One of the responsibilities of the pancreas is to regulate blood sugar levels within our body. It meets this responsibility by producing the hormones our body needs for this important function, namely Insulin. But when a person has the diabetes disease, the pancreas' ability to regulate blood sugar is greatly reduced. And, in fact, the diabetic condition (diabetes) can cause inflammation in the pancreas (a condition known as pancreatitis).
The pancreas is the organ directly situated behind your stomach. Its purpose is two-fold: to aid with the digestion process (by producing needed digestive enzymes) and to help regulate the blood sugar levels in your body (by producing the hormones that aid in that process).
When the pancreas is unable to produce the needed digestive enzymes or the hormones to aid with maintaining blood sugar levels, it is generally due to a condition known as pancreatitis (inflammation of the pancreas).
Diabetes and Pancreatitis
As a result of the condition diabetes, the body’s own immune system begins to work against itself. The disease of diabetes causes the body to try and destroy the very cells in the pancreas that produce the much-needed insulin hormone.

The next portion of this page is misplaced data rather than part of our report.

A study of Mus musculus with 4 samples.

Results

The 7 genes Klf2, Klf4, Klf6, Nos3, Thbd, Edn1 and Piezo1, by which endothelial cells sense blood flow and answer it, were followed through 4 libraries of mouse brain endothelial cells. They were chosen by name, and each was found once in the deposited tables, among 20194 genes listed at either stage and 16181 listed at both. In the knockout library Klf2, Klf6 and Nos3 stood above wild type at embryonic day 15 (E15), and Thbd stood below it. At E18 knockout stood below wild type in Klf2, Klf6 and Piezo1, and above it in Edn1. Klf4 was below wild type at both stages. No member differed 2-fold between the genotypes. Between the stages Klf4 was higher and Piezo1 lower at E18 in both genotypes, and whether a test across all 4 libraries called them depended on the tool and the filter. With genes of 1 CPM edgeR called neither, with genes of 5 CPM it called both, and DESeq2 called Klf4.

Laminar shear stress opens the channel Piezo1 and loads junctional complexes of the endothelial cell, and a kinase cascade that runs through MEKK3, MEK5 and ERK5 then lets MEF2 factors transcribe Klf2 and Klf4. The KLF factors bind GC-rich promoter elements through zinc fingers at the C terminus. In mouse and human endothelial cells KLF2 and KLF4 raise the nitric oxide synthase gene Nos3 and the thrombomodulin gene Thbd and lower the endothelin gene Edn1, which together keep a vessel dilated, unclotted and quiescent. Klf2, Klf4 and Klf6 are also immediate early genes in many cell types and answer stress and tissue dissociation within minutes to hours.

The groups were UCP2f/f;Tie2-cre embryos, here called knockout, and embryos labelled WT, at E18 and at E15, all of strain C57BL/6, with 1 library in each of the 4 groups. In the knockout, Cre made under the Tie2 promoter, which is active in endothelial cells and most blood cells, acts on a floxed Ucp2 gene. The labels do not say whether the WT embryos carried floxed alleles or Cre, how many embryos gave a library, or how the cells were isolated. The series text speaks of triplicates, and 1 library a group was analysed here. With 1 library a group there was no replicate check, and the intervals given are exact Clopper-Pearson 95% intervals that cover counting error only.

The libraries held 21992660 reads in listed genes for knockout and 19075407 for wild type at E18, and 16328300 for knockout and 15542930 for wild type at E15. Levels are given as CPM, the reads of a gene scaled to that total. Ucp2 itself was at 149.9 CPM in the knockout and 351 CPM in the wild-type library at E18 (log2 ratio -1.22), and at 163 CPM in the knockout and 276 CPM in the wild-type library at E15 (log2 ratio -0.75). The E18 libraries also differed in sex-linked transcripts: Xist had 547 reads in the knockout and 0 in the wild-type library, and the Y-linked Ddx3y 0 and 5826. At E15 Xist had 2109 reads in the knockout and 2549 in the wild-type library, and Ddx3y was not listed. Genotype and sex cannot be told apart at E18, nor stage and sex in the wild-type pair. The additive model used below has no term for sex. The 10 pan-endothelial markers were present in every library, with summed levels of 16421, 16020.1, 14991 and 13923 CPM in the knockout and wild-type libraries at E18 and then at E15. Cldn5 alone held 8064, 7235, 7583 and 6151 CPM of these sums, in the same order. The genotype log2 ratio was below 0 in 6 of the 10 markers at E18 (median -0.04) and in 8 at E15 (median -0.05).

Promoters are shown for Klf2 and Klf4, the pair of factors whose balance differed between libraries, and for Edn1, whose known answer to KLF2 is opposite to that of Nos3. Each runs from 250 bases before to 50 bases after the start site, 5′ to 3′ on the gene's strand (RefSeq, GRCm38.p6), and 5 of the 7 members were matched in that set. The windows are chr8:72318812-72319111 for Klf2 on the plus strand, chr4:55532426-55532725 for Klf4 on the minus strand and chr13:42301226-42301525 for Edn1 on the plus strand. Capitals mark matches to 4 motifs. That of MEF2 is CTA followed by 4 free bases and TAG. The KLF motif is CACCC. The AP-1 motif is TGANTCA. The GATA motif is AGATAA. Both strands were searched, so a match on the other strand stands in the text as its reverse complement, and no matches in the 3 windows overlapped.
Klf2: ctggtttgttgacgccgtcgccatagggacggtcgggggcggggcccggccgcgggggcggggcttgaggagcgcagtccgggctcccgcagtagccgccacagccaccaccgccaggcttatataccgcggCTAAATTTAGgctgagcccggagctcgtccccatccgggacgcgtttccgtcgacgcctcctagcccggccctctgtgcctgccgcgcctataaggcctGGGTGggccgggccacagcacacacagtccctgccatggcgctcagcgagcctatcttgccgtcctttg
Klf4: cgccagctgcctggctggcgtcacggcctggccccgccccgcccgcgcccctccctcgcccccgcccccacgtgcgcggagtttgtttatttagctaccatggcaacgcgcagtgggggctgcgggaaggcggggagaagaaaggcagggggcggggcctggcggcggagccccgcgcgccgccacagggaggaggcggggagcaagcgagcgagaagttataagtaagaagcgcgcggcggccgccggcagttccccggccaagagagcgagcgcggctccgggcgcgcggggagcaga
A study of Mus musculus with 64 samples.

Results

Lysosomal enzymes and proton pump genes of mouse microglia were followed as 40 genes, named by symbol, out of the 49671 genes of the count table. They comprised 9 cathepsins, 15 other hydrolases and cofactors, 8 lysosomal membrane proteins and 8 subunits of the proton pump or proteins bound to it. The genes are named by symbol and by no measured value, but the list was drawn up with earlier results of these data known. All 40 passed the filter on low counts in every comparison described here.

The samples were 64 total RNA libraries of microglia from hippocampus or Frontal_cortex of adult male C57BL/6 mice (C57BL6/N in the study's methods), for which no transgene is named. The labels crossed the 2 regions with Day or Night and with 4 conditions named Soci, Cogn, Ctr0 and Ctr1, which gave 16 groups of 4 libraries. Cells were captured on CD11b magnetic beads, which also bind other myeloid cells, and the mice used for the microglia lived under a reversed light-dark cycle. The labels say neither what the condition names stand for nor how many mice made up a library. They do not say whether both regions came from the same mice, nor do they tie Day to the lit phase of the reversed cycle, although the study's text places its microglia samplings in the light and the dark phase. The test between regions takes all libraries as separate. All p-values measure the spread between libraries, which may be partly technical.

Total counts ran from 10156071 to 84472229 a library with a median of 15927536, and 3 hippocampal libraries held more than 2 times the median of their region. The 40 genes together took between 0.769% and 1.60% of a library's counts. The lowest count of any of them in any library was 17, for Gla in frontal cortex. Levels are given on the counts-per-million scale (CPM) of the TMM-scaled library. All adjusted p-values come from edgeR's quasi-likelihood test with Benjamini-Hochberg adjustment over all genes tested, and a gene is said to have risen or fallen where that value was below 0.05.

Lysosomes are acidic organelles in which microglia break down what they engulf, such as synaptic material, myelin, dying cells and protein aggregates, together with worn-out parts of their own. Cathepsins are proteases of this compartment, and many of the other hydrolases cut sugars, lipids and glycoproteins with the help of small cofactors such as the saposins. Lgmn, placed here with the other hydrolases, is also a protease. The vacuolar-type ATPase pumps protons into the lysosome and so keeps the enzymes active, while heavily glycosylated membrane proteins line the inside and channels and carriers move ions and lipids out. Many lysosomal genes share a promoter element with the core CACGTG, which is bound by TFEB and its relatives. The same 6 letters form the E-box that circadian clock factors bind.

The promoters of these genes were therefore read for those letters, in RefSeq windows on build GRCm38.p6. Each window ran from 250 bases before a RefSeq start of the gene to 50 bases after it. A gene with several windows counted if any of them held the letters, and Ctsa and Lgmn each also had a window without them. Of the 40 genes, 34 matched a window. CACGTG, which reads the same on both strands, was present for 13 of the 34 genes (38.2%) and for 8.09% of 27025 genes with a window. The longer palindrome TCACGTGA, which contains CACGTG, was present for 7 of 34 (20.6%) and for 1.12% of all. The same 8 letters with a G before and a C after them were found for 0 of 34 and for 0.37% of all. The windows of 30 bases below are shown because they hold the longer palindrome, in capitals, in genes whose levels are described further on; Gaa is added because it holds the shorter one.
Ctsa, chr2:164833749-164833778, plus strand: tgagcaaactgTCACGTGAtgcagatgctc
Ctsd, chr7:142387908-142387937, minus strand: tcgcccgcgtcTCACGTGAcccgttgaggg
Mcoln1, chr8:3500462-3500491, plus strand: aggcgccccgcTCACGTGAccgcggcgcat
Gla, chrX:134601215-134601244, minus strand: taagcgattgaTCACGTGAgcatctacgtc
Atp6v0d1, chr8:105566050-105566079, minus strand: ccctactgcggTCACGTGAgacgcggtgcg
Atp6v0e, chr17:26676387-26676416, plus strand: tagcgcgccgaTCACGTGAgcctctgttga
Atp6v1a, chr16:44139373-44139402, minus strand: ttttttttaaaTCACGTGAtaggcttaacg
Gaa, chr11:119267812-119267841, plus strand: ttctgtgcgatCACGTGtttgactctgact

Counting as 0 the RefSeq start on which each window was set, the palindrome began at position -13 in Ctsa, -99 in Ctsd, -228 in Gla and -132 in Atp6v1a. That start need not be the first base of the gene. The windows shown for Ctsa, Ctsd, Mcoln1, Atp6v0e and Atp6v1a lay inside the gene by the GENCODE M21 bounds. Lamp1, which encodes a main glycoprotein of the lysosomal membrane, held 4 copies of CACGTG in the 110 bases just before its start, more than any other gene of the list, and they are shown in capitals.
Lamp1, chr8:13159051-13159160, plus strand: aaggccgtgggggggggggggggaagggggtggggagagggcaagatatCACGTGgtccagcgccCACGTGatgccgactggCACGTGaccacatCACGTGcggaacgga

As a result of the body turning on itself this way--and destroying the insulin hormone producing cells--inflammation in the pancreas results. This inflammation (pancreatitis) makes it harder for the pancreas to function properly in its roles in the digestive system and in regulating blood sugar levels.
As the pancreas is attempting to thwart the body’s immune system attack on insulin-producing cells, it is also trying to produce the needed hormone that the body is craving. This overload on the internal system of the pancreas can go from an acute phase (the beginning of problems in the pancreas, which may come and go) to a chronic stage (in which the pancreas is unable to meet the body’s demands on a longer-term basis).
Symptoms of Acute and Chronic Pancreatitis
Acute pancreatitis symptoms can include: abdominal tenderness or pain, nausea and vomiting. Chronic pancreatitis symptoms also include abdominal pain, but there are also symptoms that differ from acute: indigestion, losing weight, and stools that are both smelly and oily.